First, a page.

Some old pics from Arizona, memories of being on the road.
Light and light patterns created a while ago by water, ferris wheel and hanging lights while moving the camera and zooming in and out.
Dragon sensor examples.
Here is a small example of the new sensor at 200fps.
At long last, the Dragon sensor has arrived.
Shown here is a 2K still, from a scene shot at 200FPS.
I have used the Dragon on a few commercial assignments so far and love the feel of the image.
It boasts 6K capture at up to 100FPS (for now), 16.5 stops of dynamic range and a super clean image up to 2000ISO.
It truly is remarkable what cameras can do these days.
Here is the lighting diagram and photo of a recent phantom shoot.
The job called for 1000 frames per second with an area large enough to allow a very tall basketball player to run, jump and slam dunk the ball.
For high speed cinematography, it seems there is never enough light.
Rather than use tungsten, I designed a setup with HMI’s using Power Gems 300HZ ballasts, which are flicker free, even at 1000fps. HMI’s have approximately five times the light output of tungsten and run considerably cooler. They also consume far less energy. Lighting scenes like this are usually accomplished with massive quantities of tungsten units, namely 20K’s and T12’s, but this is a poor choice given the labor, time, and rigging involved in hanging 5 times the number of lights to achieve the same stop. Additionally, tungsten is not the best color for digital sensors, which are largely balanced for daylight. In short, it’s a huge struggle with tungsten for a poor color performance in the end.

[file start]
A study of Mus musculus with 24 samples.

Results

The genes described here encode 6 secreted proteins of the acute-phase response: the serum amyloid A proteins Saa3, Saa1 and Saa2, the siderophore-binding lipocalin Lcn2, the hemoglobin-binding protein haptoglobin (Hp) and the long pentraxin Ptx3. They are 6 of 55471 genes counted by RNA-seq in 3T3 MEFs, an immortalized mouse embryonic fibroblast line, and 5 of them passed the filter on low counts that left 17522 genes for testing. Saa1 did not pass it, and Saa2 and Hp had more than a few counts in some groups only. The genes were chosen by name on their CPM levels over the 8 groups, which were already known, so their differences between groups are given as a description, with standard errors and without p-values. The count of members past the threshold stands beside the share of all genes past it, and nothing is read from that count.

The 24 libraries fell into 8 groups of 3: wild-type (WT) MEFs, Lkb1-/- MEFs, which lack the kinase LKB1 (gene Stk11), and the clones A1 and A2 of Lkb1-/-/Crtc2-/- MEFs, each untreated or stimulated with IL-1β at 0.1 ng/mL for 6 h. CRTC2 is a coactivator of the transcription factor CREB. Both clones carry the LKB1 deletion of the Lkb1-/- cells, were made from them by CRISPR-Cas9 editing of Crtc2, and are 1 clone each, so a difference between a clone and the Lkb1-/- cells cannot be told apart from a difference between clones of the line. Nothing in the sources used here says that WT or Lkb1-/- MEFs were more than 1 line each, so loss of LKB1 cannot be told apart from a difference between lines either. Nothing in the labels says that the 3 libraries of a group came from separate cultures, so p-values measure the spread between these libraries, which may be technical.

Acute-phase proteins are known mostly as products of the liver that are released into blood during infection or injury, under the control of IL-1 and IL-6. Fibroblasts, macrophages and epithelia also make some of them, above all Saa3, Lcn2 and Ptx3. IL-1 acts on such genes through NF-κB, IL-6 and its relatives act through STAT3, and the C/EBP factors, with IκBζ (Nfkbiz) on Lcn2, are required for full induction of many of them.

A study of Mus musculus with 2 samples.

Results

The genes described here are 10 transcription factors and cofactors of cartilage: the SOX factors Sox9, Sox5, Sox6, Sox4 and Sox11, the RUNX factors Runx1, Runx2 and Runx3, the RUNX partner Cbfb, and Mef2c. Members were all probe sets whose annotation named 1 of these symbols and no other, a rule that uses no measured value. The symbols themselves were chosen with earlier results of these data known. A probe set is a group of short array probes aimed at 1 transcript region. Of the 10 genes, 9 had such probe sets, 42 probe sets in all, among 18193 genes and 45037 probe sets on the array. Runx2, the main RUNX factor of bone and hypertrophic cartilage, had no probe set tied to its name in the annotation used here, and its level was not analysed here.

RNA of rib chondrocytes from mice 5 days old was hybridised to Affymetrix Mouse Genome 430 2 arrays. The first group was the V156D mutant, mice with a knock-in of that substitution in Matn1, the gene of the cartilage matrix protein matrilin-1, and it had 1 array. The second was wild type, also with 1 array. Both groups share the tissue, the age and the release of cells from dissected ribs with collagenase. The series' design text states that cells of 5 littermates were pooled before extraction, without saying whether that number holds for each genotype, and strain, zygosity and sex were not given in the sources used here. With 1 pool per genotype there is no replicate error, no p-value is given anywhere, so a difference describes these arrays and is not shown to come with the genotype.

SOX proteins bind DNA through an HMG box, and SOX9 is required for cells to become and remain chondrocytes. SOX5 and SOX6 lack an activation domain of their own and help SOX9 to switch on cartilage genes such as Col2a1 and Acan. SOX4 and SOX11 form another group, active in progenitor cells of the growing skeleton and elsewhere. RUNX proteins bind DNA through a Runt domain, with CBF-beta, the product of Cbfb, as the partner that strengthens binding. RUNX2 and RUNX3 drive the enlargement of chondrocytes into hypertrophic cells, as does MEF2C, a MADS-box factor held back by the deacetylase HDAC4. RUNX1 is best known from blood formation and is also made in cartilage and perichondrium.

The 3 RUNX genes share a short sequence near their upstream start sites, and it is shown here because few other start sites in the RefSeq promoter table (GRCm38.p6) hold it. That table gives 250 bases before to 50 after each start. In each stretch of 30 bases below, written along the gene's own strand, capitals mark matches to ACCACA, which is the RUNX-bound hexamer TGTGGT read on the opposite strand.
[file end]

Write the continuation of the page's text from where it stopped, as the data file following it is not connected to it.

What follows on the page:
I used a Phantom Flex in RAW mode, ISO 800, and shot a T4 with Arri Master Primes.
I was very happy with the results- I look forward to using the Phantom Flex 4K which will provide a larger image and more dynamic range, as this model has little forgiveness in highlight over exposure (tricky with white cyc!).